Parks and day hikes are well and good, but if you really want to reconnect with Mother Nature this summer, you’ve got to go camping.

Photo courtesy of Shutterstock
Photo courtesy of Shutterstock

For some, camping is a refreshing change: A chance to reset the mind and soul by roughin’ it for a few days. For others, the idea of living outside the realm of wifi and indoor plumbing is a terrifying prospect. Regardless of which end of the spectrum you identify with, it’s important to realize that wandering around in the wilderness can be dangerous … for the wilderness, that is.

Just like when planning a low-impact summer BBQ, it’s important to realize that most “camping stuff” you see in Big Box Stores is just low-quality junk designed to make camping feel like another day at home. This both defeats the purpose (it’s supposed to feel like nature, not home) and threatens the vitality of wilderness areas.

Whether you’re planning a weekend stay in a national park or setting out on a week-long backpacking trip, keep these tips for greener camping in mind:

1. Reusables Rule

Pitching a tent is no reason to throw all your eco-friendly habits out the window. Just because you’re going camping doesn’t mean you should spend a small fortune on disposable plates, cups, cutlery or napkins/towels. Pack unbreakable-but-washable versions of each, and bring along a) a small basin/bucket, sponge and biodegradable soap; and b) a breathable bag in which to toss cloth napkins and towels that are too dirty to reuse.

2. Non-Toxic Sunscreen and Bug Spray

Camping is awesome, but throw in a sunburn and a swarm of biting insects and it quickly becomes a nightmare. Venturing far from home might make you want to reach for the strong chemicals—but don’t! They’re toxic to the air, water and animals you’ll be visiting, as well as your own health. Instead try safer alternatives like Goddess Garden Sunscreen or make your own natural sunscreen and bring along one of these eight natural mosquito repellents.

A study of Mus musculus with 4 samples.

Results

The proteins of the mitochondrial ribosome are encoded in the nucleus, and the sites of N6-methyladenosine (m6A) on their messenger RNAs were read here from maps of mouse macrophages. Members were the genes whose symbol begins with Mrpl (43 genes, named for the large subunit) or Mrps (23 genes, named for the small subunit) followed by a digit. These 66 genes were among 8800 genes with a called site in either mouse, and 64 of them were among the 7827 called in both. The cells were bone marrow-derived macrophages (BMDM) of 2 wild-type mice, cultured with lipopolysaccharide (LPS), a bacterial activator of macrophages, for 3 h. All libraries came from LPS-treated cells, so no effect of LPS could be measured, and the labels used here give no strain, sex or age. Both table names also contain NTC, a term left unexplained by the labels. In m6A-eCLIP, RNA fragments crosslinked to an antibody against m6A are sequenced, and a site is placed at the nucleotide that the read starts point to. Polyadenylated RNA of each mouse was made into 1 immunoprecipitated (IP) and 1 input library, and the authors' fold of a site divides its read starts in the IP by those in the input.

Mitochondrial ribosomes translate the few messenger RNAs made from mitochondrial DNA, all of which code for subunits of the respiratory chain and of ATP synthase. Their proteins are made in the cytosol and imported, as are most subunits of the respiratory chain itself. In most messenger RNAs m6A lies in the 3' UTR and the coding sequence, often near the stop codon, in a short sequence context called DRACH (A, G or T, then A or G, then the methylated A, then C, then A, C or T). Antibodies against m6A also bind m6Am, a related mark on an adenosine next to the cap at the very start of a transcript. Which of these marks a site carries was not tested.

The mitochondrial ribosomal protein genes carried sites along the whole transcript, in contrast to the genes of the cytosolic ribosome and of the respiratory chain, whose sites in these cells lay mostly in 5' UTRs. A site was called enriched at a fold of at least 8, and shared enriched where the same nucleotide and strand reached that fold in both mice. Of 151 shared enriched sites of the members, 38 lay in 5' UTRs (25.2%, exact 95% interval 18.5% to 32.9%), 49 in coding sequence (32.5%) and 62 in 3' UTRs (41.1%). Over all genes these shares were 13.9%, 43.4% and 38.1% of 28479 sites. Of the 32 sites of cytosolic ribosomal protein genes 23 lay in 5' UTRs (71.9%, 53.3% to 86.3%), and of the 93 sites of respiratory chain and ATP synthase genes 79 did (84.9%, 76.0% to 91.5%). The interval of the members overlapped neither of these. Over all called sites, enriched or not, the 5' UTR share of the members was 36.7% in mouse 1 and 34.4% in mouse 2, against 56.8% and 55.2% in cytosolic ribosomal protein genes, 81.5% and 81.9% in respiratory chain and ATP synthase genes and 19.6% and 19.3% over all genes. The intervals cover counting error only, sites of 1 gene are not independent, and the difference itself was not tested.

3. Solar Lantern and Chargers

One of the first things novice campers usually notice is how much darker rural areas are at night. You could stock up on AA and D batteries to power your headlamps, flashlights and lanterns, or you could invest a little more in a lighting option that runs off solar power—like the LuminAID light. This solar powered, inflatable lamp packs flat and inflates to create a lightweight, waterproof lantern. You might also want to bring along a solar charger to keep your emergency phone and/or GPS powered up (i.e., your essentials, not a DVD player and mini-fridge).

4. Bulk Water and Refillable Water Bottles

I can’t tell you how many times I’ve seen people unload a case (or two!) of bottled water at their camp site. This is not only silly and wasteful, it also creates more work since most parks require campers to pack out their trash. Instead, fill a large container (like those used for water coolers) or buy a couple of gallons from which you can refill your water bottle during the trip.

5. Know How to Go

What happens when nature calls on a camping trip? It’s important to know where and how to dispose of human waste on the trail. If you’re in an established campground, there’s likely an outhouse or composting toilet nearby. Use that. If you’re deeper into the wilderness, it’s not quite so easy. First, you’ll need to bring your own toilet paper. Second, you’ll need to find a secluded spot that’s at least 200 feet away from any other campsites or water sources. Third, you’ll need to dig a hole that’s at least 6 inches deep. After you’re done doing the deed, cover it back up. Lastly, bring along a paper bag in which to deposit the soiled toilet paper until you can find a proper receptacle. Do NOT leave it in the woods.

6. Leave Only Footprints, Take Only Pictures

The core of “Leave No Trace Camping” is the idea that no one should know you’ve been there after you’ve gone. This means no litter, no smoldering fire pits, no ripped up grass, crushed bushes or re-positioned boulders. It also means staying on the marked trail, never picking plants, flowers or berries, and never harming or disturbing wildlife–endangered or not. Learn more about the 7 principles of Leave No Trace.